In our world today there is much debate about the origins of everything. Atheist are touting their theories of the Big Bang and evolution while Christians are talking about creationism and intelligent design.
Even within the Christian realm there is debate over the creation story itself. Some people want to use the Genesis account to prove the literal seven days of creation. Some people want to show that it was seven periods of time and was a much longer process than literally seven 24-hour days.
There is much discussion to be had on both sides of this issue, and there is much evidence for either stance regarding creation. There is even evidence for evolution – though not as much – in terms of the creative process. This article isn’t meant to persuade you on what the true scientific process of creation really is. What I do want to show you is a couple things you may have missed and one really big thing that is rarely talked about concerning the Genesis account.
Genesis 1:1-2 says this:
In the beginning, God created the heavens and the earth. The earth was without form and void, and darkness was over the face of the deep. And the Spirit of God was hovering over the face of the waters.
Where the bible says “The earth was without form…” there is a potential translational grey area. The word “was” could also be translated “became”.
If this is the case then there’s your explanation for what happened to the dinosaurs and the old age of the earth. If this is the case then beginning in verse three we have the second creation, and in Jesus we experience the third creation, and the bible likes groups of threes.
I’m not sure what Moses was thinking when he wrote Genesis 1:2, but it sure is fun to wonder sometimes. This is NOT the big, rarely talked about idea.
Poetry and Prose
Poetry is a unique literary style that is much different than prose. It usually is meant to invoke an image to get across an idea. It also includes literary devices such as parallelism and simile and metaphor to bring about its conclusions.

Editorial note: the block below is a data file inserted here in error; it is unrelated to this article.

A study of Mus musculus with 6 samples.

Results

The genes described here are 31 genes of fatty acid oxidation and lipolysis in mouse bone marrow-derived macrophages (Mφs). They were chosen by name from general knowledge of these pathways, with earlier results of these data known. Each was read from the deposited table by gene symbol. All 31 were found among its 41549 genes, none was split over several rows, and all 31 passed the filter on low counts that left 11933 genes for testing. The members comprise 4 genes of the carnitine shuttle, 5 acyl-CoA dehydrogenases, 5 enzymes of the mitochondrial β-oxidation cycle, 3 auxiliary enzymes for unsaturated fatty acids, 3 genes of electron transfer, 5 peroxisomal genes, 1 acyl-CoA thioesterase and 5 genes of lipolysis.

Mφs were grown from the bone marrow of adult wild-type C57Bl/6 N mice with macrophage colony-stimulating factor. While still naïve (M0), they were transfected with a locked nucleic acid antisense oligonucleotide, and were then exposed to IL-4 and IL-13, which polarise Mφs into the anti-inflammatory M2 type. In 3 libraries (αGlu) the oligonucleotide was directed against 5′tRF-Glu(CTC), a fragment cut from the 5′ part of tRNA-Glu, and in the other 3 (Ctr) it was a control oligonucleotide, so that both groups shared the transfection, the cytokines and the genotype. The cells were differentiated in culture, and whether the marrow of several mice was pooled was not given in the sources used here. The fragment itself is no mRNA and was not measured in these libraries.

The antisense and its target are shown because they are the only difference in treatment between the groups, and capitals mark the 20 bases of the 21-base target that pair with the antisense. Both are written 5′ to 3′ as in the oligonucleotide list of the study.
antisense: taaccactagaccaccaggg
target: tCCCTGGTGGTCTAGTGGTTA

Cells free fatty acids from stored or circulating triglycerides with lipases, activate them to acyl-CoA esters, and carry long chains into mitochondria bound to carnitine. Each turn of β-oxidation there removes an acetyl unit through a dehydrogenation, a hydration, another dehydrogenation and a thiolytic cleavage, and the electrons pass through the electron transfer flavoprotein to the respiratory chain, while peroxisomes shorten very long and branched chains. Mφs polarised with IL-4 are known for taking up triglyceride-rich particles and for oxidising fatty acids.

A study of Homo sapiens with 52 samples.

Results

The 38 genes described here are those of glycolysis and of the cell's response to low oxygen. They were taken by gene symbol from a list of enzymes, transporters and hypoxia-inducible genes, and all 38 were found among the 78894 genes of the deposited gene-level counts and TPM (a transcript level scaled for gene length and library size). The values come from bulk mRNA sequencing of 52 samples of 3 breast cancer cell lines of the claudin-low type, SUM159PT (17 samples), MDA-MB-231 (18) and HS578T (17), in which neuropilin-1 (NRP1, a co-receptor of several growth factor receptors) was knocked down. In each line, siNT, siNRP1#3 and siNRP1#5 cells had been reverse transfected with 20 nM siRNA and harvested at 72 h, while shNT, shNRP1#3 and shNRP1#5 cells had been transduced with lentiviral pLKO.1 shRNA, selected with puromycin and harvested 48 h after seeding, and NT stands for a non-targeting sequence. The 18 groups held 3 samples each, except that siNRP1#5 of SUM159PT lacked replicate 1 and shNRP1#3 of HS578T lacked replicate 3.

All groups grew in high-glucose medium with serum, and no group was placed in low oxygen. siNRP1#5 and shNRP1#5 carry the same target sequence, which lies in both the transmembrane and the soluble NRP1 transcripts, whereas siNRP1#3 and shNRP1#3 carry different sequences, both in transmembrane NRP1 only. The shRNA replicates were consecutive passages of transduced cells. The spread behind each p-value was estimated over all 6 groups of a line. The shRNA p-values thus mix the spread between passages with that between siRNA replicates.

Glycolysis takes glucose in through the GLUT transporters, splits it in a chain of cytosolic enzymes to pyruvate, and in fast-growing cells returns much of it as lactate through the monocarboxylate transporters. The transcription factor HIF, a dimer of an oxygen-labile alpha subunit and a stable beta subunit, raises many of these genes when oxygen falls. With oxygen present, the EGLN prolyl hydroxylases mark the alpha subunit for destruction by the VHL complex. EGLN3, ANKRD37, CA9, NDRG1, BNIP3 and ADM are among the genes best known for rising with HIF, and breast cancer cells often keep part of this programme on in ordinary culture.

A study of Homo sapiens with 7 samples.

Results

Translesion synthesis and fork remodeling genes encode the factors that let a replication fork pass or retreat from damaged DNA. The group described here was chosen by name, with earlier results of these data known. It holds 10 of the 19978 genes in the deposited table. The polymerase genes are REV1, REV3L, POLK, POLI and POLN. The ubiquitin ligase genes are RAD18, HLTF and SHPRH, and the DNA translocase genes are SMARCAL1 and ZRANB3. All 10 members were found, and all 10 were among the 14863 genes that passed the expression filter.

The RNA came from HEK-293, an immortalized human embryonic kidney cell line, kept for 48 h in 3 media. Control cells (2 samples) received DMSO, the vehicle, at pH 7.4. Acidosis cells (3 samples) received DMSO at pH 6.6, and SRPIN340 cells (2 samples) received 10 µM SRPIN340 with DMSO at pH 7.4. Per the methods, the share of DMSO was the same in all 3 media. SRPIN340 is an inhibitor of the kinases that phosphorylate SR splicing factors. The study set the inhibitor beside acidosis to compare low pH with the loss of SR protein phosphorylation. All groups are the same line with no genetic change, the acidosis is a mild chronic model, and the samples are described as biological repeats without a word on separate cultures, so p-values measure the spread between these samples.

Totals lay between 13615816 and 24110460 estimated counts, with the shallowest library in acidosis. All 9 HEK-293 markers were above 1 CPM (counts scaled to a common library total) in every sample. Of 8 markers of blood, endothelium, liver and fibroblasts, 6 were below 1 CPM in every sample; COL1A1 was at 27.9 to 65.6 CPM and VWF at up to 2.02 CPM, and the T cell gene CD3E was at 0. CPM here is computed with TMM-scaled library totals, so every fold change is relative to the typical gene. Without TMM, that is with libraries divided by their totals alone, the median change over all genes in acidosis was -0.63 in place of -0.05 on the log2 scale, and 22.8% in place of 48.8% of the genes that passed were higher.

The creation account in Genesis is often used as a scientific treatise on the creation of the world, but it is not – in fact, it is a poem. Let me give you one example to show you why I think so.
Do you remember the order of creation?
Day 1: Light
Day 2: Waters above (sky) and waters below
Day 3: Land
Day 4: Sun, moon and stars
Day 5: Birds and fish
Day 6: Land animals and mankind
Day 7: Rest
There is parallelism in the creation story.
Day 1: Light
Day 4: Sun, moon and stars (Sources of Light)
Day 2: Separation of waters
Day 5: Birds that fly in the sky and fish that swim in the waters below.
Day 3: Land
Day 6: Beings that reside on that land.
Then there’s rest on the seventh day.
We wouldn’t take any other poem and dissect it to try to explain the scientific process of anything, so why do we do that with the creation story? It is because we’ve missed the really big question that is answered in Genesis 1-3.
Overlooked and Undervalued
When we read the creation account in Genesis we often miss the big picture. What is the big picture? Isn’t creation pretty big? Yes, it is, but it is not the main point of the creation story.
God had Moses record the creation story for one purpose: to remind us of the nature of God.
When you read about what was created you are called to remember the magnitude and benevolence of Jehovah. When you read about how things fit together you are called to wonder at the wisdom of The Lord of Hosts. When you see what was created you are called to marvel at the image you were created to be the likeness of, and you are called to see that image in others so that your life with theirs is defined by love and compassion for one another.
The creation story isn’t meant for us to use it to argue about how God scientifically created everything. The creation story is meant to show us God in all His splendor and in his unity among himself (trinity).
So, if we are going to talk about the science of creation then may we use science. If we are going to talk about the majesty of Jehovah, them let’s point to the creation story. I fully believe Jehovah created everything and everyone intricately and purposefully. I also believe He used mathematics and biology and chemistry and physics to create this world.
May we be people who don’t miss the forest for the trees. God is too awesome to miss out on Him while we argue about what He’s done and how He did it.
Oh, and one more thing: If we could understand how Jehovah does everything then He would cease to be God, but He is God, and His foolishness is wiser than our wisdom.